Tailwind Development: Several of the 64 planned multi family units. Photo by Stephen Hall.

Ark Valley Voice recently sat down with Poncha Springs Town Administrator Brian Berger for a comprehensive look at all those construction projects.

“We have [a buildable] area to work with,” said Berger, pointing to one of the prime reasons he says Poncha Springs is expanding so much faster than other areas in the county. 

He added that another prominent contributing factor to the rapid development was that in 2016 the town updated its land use code. “[The land use code] spells out everything in an organized manner that is easily digestible for developers,” said Berger. He explained that up front land use and density limits help prevent the kind of unexpected roadblocks that can often delay and “kill” developments.

Berger, who started working for the town in 2014, previously worked for Monarch Ski Resort, receiving his master’s degree in Business Management in Kansas City. Berger’s undergraduate degrees in Accounting and Communication have also proven to be a complimentary mix in his town administrator position.

Monarch Crossing Development: Live/work community with 34 units nearly fully built.

Berger stressed that communications have been critical to citizen’s development success in  Poncha Springs. “Landowners can get notified up to four times in some instances,” concerning developments adjacent to their property,” said Berger.   

Once the Administrator outlined all the current and approved developments it became clear that not only does the development occurring in Poncha Springs stand out for the number of projects, but for their variety too. In total, there are 10 housing projects in various stages of development and completion. If all the  projects come to fruition, at full build-out these 10 projects have the potential of creating 500 housing units. A variety of affordable housing projects occupy approximately 70 percent of the total units.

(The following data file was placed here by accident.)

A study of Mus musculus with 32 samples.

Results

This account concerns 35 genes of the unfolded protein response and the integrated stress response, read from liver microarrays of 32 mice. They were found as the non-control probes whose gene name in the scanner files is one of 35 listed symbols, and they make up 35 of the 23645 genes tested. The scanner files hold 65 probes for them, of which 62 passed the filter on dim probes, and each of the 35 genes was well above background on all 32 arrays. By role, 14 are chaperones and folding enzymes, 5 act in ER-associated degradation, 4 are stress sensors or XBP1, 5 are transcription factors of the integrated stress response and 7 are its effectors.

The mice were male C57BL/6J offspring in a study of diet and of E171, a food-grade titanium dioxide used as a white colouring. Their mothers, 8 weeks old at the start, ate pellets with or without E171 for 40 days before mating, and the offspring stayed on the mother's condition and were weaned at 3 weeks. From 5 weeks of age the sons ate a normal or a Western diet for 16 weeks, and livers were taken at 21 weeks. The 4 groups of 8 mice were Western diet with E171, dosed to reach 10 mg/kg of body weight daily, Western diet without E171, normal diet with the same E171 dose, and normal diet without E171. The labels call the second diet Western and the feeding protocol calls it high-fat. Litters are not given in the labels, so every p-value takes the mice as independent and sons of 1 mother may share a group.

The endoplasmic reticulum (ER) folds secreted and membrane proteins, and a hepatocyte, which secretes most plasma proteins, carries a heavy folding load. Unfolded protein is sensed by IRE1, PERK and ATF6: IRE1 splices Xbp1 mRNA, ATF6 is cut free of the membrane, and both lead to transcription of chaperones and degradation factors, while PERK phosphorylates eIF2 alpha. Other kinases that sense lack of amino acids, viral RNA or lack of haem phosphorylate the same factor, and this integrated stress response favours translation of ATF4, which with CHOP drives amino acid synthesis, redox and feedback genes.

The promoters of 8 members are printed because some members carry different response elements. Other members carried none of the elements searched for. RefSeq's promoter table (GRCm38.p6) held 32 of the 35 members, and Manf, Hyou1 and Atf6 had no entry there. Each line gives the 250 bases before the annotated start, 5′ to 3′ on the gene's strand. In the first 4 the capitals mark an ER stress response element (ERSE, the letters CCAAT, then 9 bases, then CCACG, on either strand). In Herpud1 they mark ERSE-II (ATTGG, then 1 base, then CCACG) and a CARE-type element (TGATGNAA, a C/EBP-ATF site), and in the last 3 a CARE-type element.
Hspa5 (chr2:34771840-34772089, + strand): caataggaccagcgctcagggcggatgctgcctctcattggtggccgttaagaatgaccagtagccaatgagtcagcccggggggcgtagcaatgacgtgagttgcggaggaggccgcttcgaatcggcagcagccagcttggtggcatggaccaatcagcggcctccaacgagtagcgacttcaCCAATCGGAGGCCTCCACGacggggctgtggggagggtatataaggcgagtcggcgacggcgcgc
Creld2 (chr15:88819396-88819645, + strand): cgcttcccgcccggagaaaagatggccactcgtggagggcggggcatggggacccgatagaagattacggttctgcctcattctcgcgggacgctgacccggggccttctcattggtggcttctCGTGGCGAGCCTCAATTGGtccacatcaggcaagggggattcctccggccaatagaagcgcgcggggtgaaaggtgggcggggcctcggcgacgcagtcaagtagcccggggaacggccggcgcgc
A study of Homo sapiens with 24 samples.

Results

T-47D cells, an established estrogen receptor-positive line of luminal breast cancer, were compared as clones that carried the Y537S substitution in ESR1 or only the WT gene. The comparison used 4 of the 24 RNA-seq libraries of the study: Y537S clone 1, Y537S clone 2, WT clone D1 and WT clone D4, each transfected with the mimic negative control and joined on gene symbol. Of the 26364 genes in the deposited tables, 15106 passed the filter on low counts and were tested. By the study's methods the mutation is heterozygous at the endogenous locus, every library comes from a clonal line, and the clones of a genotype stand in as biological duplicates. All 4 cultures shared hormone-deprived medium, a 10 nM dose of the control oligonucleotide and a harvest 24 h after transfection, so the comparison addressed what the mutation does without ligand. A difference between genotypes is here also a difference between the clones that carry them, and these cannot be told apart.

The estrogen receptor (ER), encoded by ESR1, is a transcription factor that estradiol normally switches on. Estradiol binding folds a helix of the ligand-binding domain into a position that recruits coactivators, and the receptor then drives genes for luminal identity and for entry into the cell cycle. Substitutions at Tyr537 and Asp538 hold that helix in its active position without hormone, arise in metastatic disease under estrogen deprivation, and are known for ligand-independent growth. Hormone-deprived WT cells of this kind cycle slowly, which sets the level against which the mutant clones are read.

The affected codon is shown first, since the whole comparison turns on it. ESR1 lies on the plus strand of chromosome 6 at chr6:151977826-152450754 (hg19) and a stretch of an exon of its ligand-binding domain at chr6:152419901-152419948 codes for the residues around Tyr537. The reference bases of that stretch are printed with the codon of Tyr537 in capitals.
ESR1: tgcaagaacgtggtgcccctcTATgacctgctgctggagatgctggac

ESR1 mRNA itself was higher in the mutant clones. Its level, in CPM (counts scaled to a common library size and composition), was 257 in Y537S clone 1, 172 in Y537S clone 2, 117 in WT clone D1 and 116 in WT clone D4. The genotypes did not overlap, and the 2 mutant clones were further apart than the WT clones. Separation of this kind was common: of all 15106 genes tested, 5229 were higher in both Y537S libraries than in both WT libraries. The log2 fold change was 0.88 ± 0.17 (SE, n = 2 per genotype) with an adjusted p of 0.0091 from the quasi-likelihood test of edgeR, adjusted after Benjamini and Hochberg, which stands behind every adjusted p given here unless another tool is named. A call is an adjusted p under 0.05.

The following is a breakdown of the different types of units:

  • 180 — Single family homes
  • 156 — Multifamily units
  • 48 — Live/work units
  • 40 — Pocket neighborhood units
  • 64 — Duplex units
  • 12 — Low-income school faculty housing units

Spread among these housing projects are two commercial projects, the most prominent being in the northeast corner of the intersection of U.S. Highways 50 and 285. This location currently has a grocery store and attached hardware store built and awaiting the grand opening in August.

The Tailwind Development is the newest commercial building going up along U.S. Highway 50 in Poncha Springs. Photo by Stephen Hall.

The other commercial site is located on the eastern side of Poncha Springs along Highway 50 across from CR 125. Currently, there is a fitness center being built on one of these commercial lots.

While housing is needed across the county, Poncha Springs’ market-driven approach to housing development appears to be providing results. This is the first in a series of articles that will dig deeper into those developments having the potential to drastically affect the local economy and change the face of Poncha Springs.

Poncha Town Center: New grocery store and hardware store set to open in August.